Neuropathic Foot Pain

Damaged nerves do much more than leave you feeling numb. A common type of neuropathy – the medical term for nerve damage – occurs in your feet. Frequently, this is due to complications of high blood sugar, but it may also result from injuries, infections, or other reasons. Neuropathic foot pain can affect your daily life in several ways, since damaged nerves can send a variety of random and confusing signals to your brain. These may interfere with concentration, sleep, or general enjoyment of life, and damage to motor nerves can even make it difficult to get around.

Peripheral neuropathy

Your body’s nervous system is roughly divided into two sections: the central and peripheral nervous systems. Your brain and spinal cord comprise the central system, while nerves in the rest of your body make up the peripheral system. Any injury, damage, or condition affecting nerves of the peripheral nervous system is therefore called peripheral neuropathy.

Diabetic neuropathy

One of the more common sources of foot neuropathy is the uncontrolled blood sugar levels present in both type 1 and type 2 diabetics. When not balanced with insulin or other drug therapy, high blood sugar takes a toll on nerve and blood vessel tissue. Left untreated, high blood sugar causes progressive damage over time.

Symptoms of neuropathy in your feet

Typically, early symptoms of neuropathy present as tingling or numb sensations. This could progress to more extreme signs, with sharp, jabbing sensations of pain or feelings of burning or freezing. Your feet may become sensitive to touch. If motor nerves are damaged, the muscles of your feet may become weak or unresponsive to movement commands.

Treating neuropathic foot pain

Whenever possible, treating or controlling the condition that causes neuropathy is usually the first step. For instance, a type 2 diabetic may start medication and alter their diet to control blood sugar, preventing their neuropathy from progressing. This may not have an effect on existing symptoms, however.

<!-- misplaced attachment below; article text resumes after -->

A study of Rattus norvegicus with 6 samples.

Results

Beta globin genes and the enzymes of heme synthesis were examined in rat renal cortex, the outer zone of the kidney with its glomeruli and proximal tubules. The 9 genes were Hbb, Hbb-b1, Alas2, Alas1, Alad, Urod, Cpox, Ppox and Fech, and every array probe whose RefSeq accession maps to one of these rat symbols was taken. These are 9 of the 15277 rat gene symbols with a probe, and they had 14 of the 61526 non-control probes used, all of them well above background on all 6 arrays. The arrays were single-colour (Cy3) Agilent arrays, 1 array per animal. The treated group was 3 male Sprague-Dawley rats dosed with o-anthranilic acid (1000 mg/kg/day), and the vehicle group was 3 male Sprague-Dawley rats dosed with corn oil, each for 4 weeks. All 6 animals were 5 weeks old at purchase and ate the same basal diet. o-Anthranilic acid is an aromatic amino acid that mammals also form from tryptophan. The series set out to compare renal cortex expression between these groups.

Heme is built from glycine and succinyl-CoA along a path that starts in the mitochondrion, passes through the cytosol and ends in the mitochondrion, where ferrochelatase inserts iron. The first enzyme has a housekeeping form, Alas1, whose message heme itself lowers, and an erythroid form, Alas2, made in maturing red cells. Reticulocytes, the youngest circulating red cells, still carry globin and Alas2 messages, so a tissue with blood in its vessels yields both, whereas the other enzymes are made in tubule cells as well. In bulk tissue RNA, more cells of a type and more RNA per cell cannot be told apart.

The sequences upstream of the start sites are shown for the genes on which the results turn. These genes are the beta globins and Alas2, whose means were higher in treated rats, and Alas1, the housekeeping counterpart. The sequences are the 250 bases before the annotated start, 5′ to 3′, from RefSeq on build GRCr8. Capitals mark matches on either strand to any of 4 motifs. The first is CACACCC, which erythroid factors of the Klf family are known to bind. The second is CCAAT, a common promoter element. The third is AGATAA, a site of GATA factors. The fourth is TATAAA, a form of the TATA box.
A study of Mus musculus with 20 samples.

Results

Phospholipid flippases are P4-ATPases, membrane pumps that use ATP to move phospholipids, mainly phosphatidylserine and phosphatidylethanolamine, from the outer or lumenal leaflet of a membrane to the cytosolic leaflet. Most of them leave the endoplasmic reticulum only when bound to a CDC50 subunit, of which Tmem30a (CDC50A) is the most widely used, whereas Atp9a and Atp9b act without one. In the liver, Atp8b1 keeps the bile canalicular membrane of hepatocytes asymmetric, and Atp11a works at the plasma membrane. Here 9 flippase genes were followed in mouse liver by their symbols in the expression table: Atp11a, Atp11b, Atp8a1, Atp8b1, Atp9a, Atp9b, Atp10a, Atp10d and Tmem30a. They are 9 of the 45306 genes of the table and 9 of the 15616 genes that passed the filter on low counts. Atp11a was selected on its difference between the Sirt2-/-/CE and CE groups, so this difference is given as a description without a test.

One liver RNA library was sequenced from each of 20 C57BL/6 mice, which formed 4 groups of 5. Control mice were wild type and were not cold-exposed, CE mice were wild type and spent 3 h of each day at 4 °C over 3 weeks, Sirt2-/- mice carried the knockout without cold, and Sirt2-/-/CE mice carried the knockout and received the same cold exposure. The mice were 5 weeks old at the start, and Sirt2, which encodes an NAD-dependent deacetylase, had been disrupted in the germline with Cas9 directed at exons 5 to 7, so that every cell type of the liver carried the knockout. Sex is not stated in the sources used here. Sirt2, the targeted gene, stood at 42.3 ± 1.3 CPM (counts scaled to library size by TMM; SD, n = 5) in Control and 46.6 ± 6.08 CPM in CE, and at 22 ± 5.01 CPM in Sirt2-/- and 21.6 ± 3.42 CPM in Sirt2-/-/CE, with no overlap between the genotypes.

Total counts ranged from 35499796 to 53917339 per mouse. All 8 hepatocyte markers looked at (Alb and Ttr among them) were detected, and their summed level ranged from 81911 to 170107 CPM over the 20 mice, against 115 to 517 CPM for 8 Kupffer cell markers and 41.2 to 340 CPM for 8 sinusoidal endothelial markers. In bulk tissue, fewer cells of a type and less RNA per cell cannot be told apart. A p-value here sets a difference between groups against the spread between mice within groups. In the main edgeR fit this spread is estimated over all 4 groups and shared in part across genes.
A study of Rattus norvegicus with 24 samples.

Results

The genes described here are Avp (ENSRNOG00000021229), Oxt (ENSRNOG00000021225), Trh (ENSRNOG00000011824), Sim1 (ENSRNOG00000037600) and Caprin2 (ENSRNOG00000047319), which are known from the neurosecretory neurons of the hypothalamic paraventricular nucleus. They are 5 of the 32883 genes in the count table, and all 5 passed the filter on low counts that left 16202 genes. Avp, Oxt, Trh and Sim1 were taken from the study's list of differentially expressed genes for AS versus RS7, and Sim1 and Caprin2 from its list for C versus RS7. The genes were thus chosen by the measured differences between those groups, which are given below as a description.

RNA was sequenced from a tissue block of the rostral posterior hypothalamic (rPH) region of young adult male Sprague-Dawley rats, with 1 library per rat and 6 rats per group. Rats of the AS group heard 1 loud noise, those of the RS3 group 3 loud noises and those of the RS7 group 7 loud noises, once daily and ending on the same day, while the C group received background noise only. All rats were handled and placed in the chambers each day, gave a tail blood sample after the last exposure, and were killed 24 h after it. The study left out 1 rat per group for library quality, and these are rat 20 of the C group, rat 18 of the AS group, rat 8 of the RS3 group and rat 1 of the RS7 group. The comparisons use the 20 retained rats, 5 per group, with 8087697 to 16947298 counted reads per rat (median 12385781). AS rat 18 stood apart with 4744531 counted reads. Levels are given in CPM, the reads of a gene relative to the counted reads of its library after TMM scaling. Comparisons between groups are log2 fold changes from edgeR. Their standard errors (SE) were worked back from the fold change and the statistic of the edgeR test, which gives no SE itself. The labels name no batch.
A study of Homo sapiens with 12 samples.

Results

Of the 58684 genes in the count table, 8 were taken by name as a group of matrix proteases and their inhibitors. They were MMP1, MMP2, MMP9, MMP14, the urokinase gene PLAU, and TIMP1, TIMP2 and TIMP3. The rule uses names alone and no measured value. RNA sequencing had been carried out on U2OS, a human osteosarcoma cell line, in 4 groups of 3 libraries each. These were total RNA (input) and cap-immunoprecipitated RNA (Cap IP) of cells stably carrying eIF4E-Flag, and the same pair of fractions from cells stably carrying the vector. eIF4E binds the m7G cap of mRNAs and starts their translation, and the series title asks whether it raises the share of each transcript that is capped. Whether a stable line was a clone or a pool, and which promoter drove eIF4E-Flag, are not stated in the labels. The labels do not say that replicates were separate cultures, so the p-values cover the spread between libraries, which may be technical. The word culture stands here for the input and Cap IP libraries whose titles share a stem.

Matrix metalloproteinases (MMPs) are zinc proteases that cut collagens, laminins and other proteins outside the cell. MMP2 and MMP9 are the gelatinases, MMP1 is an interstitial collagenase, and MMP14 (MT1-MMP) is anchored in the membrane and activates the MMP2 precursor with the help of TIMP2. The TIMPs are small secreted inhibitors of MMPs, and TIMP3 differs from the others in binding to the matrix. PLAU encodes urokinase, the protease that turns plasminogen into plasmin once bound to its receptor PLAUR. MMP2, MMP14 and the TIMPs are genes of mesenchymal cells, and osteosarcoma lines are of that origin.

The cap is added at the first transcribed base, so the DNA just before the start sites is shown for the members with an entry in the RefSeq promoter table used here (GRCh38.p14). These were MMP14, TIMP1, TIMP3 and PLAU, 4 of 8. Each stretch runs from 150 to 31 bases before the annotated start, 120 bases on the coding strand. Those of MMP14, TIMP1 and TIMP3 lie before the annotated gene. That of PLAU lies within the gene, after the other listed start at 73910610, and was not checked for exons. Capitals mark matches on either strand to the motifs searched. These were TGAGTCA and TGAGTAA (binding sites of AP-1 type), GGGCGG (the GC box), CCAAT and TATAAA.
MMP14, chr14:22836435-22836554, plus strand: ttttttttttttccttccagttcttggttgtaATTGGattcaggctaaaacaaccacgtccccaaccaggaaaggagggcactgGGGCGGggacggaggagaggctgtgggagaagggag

For simple, mild neuropathic pain, over-the-counter pain medications may reduce or eliminate symptoms. Your doctor may recommend prescription pain relief, but since neuropathy is often a chronic condition, medications that tend to produce drug dependency are a “last resort” solution.

Some drugs used to treat epilepsy are effective at treating nerve pain, even though you may not suffer from seizures. Antidepressant medications sometimes work in the same way, reducing foot pain, even when you aren’t depressed. Topical creams, such as those with capsaicin, provide pain masking for some neuropathy patients. Transcutaneous electrical nerve stimulation may also prove effective, changing the way in which nerve signals transmit pain.

Chiropractic care is also effective for reduction of foot neuropathy for some. Chiropractic adjustments restore balance and alignment and often reduce effects of referred pain. Irritation of a nerve may create phantom pain anywhere along the path of the nerve, so some pain you feel in your feet could actually originate elsewhere.

The team at Integrated Medical Solutions of Knoxville are specialists in treating neuropathic foot pain, so they are ideal partners as you navigate your way through the wide range of pain relief options. Call the office, or use the online appointment tool to schedule your initial consultation.